03:00 AM ET

Pesticide exposure linked to ADHD

Children exposed to common pesticides are more likely to have problems with attention span, according to a new study that followed mothers and children from the time of pregnancy, to age 5.

The chemicals in question – organophosphates – have mostly been banned from household pesticides, but are widely used in agriculture. At high doses, they are known to be highly damaging to the brain and nervous system. The impact through chronic, lower doses has been controversial.

Researchers at the University of California, Berkeley, began by measuring pesticide exposure in the womb, then followed up with the same children, years later. Using a variety of measures, they found that children with more exposure to organophosphates fared worse – both on computerized testing of attention span, and standard scales used to assess attention deficit/hyperactivity disorder (ADHD).

Interestingly, the problems were significantly more noticeable at age 5, than at age 3 1/2. While that seems to suggest the problems are long-lasting, Brenda Eskenazi, Ph.D., one of the study authors, said it may simply be that testing is more reliable when children are older.

The children studied were mostly Mexican-American, all drawn from the Salinas Valley, a farming area in Central California that is a major producer of fruits and vegetables. Organophosphate levels in both mothers and children were higher than they are in the U.S. population as a whole, but not dramatically so, according to Eskenazi.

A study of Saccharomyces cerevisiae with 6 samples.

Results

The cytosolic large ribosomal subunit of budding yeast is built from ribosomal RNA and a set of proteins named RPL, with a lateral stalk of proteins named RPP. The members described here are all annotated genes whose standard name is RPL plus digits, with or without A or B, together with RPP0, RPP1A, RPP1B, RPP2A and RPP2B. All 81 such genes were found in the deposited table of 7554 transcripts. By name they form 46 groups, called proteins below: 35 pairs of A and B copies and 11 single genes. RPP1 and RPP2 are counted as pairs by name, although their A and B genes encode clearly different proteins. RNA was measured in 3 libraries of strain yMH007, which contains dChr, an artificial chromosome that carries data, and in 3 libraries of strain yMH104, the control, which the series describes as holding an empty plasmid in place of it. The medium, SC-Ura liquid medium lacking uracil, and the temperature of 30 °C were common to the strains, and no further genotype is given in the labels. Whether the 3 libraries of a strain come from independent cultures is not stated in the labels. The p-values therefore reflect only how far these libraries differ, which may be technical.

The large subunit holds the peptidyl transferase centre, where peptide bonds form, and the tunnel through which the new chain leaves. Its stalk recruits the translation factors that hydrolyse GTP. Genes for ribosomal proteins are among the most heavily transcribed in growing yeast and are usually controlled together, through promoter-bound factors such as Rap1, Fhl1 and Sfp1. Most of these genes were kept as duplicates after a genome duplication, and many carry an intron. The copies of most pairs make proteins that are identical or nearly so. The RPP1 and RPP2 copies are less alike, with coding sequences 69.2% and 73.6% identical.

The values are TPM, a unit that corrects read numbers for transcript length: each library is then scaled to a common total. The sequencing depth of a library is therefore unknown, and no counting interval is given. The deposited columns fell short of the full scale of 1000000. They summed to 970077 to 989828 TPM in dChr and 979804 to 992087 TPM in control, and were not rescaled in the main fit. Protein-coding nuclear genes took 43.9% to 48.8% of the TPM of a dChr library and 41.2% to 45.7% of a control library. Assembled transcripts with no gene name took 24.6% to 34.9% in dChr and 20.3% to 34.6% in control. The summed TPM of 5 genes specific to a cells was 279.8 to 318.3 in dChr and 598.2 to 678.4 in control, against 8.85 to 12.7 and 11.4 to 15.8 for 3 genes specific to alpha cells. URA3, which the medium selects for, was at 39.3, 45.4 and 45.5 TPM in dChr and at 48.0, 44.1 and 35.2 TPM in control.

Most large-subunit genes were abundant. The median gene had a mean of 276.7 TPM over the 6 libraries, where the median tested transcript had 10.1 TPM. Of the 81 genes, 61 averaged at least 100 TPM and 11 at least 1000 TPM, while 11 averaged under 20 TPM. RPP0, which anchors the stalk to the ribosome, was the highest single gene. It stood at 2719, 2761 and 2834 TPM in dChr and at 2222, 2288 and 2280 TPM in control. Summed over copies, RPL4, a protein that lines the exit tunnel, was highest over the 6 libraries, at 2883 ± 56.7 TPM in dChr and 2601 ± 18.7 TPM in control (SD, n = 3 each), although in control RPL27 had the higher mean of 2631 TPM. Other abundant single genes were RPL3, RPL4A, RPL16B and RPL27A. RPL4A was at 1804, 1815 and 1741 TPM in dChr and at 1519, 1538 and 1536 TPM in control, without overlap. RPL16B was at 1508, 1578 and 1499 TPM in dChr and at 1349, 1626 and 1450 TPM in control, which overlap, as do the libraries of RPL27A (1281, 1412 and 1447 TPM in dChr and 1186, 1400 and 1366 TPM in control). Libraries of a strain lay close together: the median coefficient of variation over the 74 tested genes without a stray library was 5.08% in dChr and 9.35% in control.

“The levels of some organophosphates were very similar to the general U.S. population, while others were significantly higher,” Eskenazi said. “But they weren’t magnitudes higher. They weren’t toxic. [These results] are applicable.”

While people in the Salinas Valley are exposed through air and dust from crop fields, the main exposure for most Americans comes through eating fruits or vegetables. But Eskenazi warns that it would be a big mistake to avoid eating fruits and vegetables just to avoid pesticides – especially for pregnant women. She says you can avoid most of the risk, simply by washing produce before you eat it.

Teresa Thorne, a spokeswoman with the Alliance for Food and Farming, a group that represents farmers and produce associations, agreed with that last point. “The FDA clearly states you can reduce or eliminate residues, if they are present at all, simply by washing. The vast majority of fruits and vegetables have no detectable residue at all.”

In May, a study in the journal Pediatrics reported that children with above-average levels of a common pesticide byproduct had twice the ADHD risk of those with average levels.